Why are there few female voices?
What you need to know:
- Talking back, being assertive, and firm, were the specific examples that the article highlighted as having offended the powers that be, so much that it was inconceivable to have her steer Parliament one more term, since generally term limit is not our problem.
The question above was asked of us on Twitter. Many responded by pointing to the quality of politics, and how hard it is for women to make it, and that it gets tiring for women.
In the past, people have offered simplistic answers such as, women lack confidence, credibility, competence, courage and creativity needed to survive in politics. Politics is thus a space for a select few women born with the male gene and preferably loud voice, ‘not typical woman’.
Disappointing as these explanations are, they say a lot about the real reasons for women’s weak voices in the intellectual political discuourse, even by professionals.
In 2021, after the speakership race which Ms Rebecca Kadaga lost, Saturday Monitor did an interesting story on the former Speaker. Full Woman did a comprehensive analysis of why Ms Kadaga had failed to secure a third term as Speaker. The title of the article was telling. It said: “How Kadaga talked her way into trouble.” This very interesting read raised more questions about whether anyone wants critical female voices in politics anyway. There were many people interviewed for the piece and several excepts of Ms Kadaga’s “utterances” that apparently led to her loss.
Talking back, being assertive, and firm, were the specific examples that the article highlighted as having offended the powers that be, so much that it was inconceivable to have her steer Parliament one more term, since generally term limit is not our problem.
I was very disturbed by the article. The things that were exactly admirable about the former Speaker as a leader were the same ones for which she was being beaten, apparently. The story seemed to suggest, “our politics has no space for women with critical voice”. In many ways, for the same reasons, few women venture into political analysis.
While women are accused of lacking the much-needed attributes to be analysts and good politicians, we also clearly do not like the ones who bring them to the table. It soon becomes about their personally, failure in performance, loose mouth, and so on rather than a political and social system that has not come to terms with women and power.
More recently, we have seen the drama surrounding Ms Persis Namuganza, the State Minister for Lands, and the decision of Parliament to nearly unanimously censure her. By all means, I like good manners and respect for elders and institutions. But the Namuganza situation is another case, of our system being quite intolerant of women with voices, not the quite voice kind.
We must engage with the discomfort of women who assert themselves. This sends a strong message to women, young and perhaps aspiring politicians and analysts, that there is a clear line that cannot be crossed. We are happy with women who vote and mind their business, not the talking ones. The accusations levelled against Ms Namuganza, when viewed objectively, says a lot about our politics, our institutions and less about Namuganza as a person.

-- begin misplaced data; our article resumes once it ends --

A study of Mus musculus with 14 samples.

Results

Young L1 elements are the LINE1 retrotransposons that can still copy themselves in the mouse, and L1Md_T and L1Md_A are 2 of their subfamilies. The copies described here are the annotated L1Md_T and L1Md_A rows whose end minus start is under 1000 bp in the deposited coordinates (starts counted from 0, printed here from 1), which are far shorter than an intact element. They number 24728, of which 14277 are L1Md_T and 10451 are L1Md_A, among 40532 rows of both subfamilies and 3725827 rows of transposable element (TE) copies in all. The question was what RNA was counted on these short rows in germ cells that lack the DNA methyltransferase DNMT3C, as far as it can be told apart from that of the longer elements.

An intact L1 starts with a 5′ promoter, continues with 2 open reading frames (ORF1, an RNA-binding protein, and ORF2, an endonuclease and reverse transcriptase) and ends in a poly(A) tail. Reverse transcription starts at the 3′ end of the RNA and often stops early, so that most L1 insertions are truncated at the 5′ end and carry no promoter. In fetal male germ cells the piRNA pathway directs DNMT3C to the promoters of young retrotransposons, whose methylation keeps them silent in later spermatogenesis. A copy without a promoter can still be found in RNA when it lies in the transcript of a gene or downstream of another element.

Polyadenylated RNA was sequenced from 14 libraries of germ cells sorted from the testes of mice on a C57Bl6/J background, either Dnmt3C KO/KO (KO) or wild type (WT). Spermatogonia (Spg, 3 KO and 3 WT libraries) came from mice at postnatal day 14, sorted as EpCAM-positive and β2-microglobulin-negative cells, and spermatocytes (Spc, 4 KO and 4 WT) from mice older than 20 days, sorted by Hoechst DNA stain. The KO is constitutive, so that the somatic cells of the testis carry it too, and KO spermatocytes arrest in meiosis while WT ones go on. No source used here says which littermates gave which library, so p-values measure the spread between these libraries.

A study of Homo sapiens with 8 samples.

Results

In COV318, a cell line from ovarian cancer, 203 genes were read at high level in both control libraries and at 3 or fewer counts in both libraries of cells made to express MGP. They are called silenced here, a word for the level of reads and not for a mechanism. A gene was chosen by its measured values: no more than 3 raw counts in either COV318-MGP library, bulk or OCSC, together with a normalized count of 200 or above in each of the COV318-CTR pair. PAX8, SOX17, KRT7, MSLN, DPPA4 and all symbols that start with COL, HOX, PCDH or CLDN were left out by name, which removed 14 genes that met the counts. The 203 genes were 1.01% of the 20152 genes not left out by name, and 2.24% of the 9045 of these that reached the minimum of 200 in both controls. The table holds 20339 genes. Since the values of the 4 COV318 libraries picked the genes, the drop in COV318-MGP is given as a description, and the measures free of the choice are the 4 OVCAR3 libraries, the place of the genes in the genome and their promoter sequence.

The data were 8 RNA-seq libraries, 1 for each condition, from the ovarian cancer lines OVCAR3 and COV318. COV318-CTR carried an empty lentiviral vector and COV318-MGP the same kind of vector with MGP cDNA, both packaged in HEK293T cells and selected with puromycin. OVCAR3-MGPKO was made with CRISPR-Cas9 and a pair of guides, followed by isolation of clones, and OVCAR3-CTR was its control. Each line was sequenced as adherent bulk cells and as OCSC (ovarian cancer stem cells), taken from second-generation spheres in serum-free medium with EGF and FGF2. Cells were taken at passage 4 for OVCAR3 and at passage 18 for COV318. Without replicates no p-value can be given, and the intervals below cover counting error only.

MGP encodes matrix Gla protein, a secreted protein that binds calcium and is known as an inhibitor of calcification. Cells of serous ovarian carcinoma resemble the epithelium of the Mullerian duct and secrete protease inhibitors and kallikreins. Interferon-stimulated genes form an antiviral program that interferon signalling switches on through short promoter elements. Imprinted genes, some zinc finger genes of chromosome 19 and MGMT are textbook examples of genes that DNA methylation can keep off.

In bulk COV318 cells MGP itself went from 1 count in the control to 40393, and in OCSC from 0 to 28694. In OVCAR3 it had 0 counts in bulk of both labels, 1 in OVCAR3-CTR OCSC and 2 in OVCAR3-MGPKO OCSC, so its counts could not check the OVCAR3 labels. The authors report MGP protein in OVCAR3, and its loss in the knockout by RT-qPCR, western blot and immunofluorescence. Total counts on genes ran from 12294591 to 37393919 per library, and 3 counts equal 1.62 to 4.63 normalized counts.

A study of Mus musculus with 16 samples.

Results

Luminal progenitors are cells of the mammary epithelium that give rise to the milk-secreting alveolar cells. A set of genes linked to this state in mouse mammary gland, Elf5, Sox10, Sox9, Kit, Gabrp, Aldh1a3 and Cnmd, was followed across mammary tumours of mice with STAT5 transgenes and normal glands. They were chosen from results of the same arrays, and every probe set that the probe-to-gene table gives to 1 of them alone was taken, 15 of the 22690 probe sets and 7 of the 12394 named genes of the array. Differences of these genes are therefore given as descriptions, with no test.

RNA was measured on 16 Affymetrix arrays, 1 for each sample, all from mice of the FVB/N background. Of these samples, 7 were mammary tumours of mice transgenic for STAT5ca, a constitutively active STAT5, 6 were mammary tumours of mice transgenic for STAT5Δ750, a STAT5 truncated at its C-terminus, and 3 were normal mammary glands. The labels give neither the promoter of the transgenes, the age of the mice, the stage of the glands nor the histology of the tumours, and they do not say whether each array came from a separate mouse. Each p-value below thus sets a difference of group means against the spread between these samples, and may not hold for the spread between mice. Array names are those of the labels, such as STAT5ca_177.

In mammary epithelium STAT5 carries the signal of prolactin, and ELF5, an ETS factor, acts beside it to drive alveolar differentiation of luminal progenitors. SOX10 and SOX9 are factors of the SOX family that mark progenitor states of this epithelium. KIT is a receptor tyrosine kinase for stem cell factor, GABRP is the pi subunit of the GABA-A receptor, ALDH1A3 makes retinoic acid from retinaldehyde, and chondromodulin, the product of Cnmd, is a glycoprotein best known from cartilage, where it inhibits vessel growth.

To answer this question, one must be willing to look at the history of women’s subornation. No one does this better than Gerda Lerner, in the book, The creation of patriarchy, published in 1986. She contends that men and women live on a stage on which they act out their assigned roles equal in importance. The play cannot go on without both kinds of performers.
Neither of them contributes more or less to the whole, neither is marginal or dispensable. But the stage is conceived, painted, defined by men. Men have written the play, have directed the show, interpreted the meanings of action. They have assigned themselves the most interesting, most heroic parts and given women the supporting roles. And I should add, this is the case in politics.
She further notes that it takes considerable time for women to understand that getting “equal” parts will not make them equal, as long as the script, the props, the stage setting and the direction are firmly held by men. And that when women begin to realise that and cluster together between the acts or even during the performance to discuss what to do about it, this play comes to an end.
While she uses the image of performance, in my work, I have looked at women as invited to the king’s table. As long as they play by the rules of those who set the table and invite them, they are okay. They become a problem when they start to question the menu or table manners of those who set it up. Those who can not deal with the menu, to play supporting roles, chose not to join it at all. So even the few quite voices eventually sizzle out as many remain bystanders. Increasingly, I am convinced, this is not a gender question anymore, it is a citizenship question.
Ms Maractho (PhD) is the director of Africa Policy Centre and senior lecturer at Uganda Christian University.